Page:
Japan to give Mekong countries $115 mln for Covid-19 fight, sustainable development

By Viet Anh   July 10, 2020 | 12:48 am PT
Japan to give Mekong countries $115 mln for Covid-19 fight, sustainable development
Vietnam Deputy Prime Minister Pham Binh Minh at the 13th Mekong-Japan Foreign Ministers' Meeting, held online on July 9, 2020. Photo courtesy of the Ministry of Foreign Affairs.
Vietnam and four other countries in the Mekong region will receive Japanese aid worth $115.3 million to combat Covid-19 and work for sustainable development.

Japan announced the decision at the 13th Mekong-Japan Foreign Ministers’ Meeting held online on Thursday and co-chaired by Vietnamese Deputy Prime Minister Pham Binh Minh and Japanese Minister for Foreign Affairs Motegi Toshimitsu, a press release by the Vietnamese foreign ministry said.

Vietnam, Laos, Cambodia, Myanmar, and Thailand will get $106 million to buy medical equipment, train medical personnel and increase their capability to fight the pandemic.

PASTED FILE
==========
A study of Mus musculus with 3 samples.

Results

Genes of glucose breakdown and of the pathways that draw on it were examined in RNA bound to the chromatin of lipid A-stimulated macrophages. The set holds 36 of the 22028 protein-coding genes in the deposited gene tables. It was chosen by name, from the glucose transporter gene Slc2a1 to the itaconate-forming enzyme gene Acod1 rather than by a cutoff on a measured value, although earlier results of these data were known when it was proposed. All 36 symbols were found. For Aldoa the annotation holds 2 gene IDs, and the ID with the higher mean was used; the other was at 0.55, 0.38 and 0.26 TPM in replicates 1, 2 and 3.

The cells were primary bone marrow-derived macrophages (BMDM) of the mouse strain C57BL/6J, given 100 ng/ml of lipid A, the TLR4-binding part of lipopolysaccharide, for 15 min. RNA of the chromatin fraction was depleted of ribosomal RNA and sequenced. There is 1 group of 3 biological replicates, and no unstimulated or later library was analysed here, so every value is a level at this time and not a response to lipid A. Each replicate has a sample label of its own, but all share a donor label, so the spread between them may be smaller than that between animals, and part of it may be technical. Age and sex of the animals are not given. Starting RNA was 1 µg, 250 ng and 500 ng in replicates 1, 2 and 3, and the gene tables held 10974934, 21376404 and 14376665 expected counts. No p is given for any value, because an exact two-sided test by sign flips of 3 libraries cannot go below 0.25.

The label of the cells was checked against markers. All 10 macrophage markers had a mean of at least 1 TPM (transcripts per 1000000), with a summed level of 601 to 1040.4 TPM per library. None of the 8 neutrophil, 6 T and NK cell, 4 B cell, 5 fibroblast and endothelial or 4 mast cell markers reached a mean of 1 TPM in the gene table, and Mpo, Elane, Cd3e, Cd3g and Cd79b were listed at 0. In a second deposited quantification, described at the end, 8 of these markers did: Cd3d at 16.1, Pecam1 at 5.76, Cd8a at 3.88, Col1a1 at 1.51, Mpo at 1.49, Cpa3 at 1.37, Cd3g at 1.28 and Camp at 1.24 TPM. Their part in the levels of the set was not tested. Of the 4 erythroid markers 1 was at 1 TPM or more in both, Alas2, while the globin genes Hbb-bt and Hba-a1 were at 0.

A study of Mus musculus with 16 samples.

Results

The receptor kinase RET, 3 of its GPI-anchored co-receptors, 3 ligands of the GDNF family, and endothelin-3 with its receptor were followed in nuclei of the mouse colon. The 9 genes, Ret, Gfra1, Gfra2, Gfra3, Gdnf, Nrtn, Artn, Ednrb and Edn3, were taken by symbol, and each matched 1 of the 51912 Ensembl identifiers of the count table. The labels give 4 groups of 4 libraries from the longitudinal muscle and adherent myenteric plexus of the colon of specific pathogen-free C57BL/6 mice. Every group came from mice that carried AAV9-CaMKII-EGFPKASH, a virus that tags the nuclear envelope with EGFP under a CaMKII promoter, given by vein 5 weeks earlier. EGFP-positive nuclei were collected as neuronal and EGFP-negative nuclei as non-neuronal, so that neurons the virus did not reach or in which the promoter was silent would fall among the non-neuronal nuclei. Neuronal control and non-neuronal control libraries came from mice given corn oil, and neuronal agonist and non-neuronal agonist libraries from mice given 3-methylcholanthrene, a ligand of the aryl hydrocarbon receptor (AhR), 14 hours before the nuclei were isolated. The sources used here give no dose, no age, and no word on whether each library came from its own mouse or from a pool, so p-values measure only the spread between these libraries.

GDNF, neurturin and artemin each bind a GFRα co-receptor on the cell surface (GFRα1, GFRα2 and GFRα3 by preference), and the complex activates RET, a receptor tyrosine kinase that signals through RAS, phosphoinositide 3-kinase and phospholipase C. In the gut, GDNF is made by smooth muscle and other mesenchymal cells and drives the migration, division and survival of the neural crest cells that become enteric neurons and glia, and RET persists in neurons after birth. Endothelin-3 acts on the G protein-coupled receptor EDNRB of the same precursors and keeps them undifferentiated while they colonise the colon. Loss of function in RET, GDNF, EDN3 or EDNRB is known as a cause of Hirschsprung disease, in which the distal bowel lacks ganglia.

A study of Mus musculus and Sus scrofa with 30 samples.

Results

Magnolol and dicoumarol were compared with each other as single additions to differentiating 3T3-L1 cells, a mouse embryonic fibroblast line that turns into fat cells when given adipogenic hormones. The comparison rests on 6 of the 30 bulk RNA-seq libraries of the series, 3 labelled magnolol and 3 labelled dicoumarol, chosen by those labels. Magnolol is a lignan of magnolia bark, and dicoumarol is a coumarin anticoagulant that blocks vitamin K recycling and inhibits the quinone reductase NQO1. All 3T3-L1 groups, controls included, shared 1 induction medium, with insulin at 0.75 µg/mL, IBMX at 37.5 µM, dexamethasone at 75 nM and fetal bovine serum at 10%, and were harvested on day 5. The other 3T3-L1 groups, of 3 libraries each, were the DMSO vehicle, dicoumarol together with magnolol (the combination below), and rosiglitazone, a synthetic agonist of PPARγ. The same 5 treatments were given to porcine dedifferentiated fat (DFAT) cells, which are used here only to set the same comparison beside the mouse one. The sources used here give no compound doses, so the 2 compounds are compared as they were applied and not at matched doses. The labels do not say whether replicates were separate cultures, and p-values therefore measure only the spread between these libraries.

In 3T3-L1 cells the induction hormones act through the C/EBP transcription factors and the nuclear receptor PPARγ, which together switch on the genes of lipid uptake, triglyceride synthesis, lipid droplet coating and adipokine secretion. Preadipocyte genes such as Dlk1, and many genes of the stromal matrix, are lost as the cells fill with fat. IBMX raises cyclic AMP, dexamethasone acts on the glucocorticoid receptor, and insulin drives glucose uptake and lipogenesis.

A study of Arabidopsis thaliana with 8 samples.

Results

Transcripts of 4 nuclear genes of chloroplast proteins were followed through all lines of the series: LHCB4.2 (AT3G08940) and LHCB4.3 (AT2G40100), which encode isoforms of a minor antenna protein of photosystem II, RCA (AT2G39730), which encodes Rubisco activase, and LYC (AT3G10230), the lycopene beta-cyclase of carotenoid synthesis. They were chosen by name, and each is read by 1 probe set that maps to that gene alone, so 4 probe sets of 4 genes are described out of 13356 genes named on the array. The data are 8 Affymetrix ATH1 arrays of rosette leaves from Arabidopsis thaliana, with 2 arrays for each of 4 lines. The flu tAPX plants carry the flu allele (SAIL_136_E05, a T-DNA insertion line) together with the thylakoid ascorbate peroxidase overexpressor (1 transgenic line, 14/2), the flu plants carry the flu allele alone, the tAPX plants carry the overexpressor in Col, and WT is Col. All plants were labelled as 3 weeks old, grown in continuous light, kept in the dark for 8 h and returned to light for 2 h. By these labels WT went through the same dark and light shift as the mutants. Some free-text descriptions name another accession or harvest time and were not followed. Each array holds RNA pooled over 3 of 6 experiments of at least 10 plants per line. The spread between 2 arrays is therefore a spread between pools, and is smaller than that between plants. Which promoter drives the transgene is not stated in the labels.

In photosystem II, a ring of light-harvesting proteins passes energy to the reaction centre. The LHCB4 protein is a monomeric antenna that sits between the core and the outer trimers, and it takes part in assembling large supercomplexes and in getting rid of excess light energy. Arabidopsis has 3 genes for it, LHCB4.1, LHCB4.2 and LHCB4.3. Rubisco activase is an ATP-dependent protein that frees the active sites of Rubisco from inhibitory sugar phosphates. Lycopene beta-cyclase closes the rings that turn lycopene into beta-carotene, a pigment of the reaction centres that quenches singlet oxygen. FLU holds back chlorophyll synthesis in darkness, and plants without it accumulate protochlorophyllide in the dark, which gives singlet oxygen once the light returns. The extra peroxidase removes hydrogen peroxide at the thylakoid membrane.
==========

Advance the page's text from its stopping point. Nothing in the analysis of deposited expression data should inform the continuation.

Japan will also give them loans for undertaking emergency responses to the disease and deploy the Kusanone Mekong Sustainable Development Goals (SDGs) Initiative, with a non-refundable component of ¥1 billion ($9.3 million).

The initiative is meant to improve public health, the education environment and agricultural productivity, build clean water systems and improve the living environment to achieve inclusive growth in the region.

Minh said at the meeting Vietnam and Japan need to quickly deploy the Mekong-Japan Initiative for SDGs since the river basin is suffering severely from drought and salinity.

The initiative was adopted at the 11th summit in Bangkok last November.

The attendees also discussed cooperation to fight Covid-19 and methods to revive the post-pandemic economy, while agreeing to increase cooperation to make a Covid-19 vaccine, protect the supply chain and support businesses.

The Mekong, which flows 4,880 km from its origins in Tibet through Myanmar, Laos, Thailand, Cambodia, and Vietnam before reaching the sea, has recorded low water levels and severe water shortages downstream since last year.

Experts have blamed this on climate change and the construction of hydroelectric plants on the river.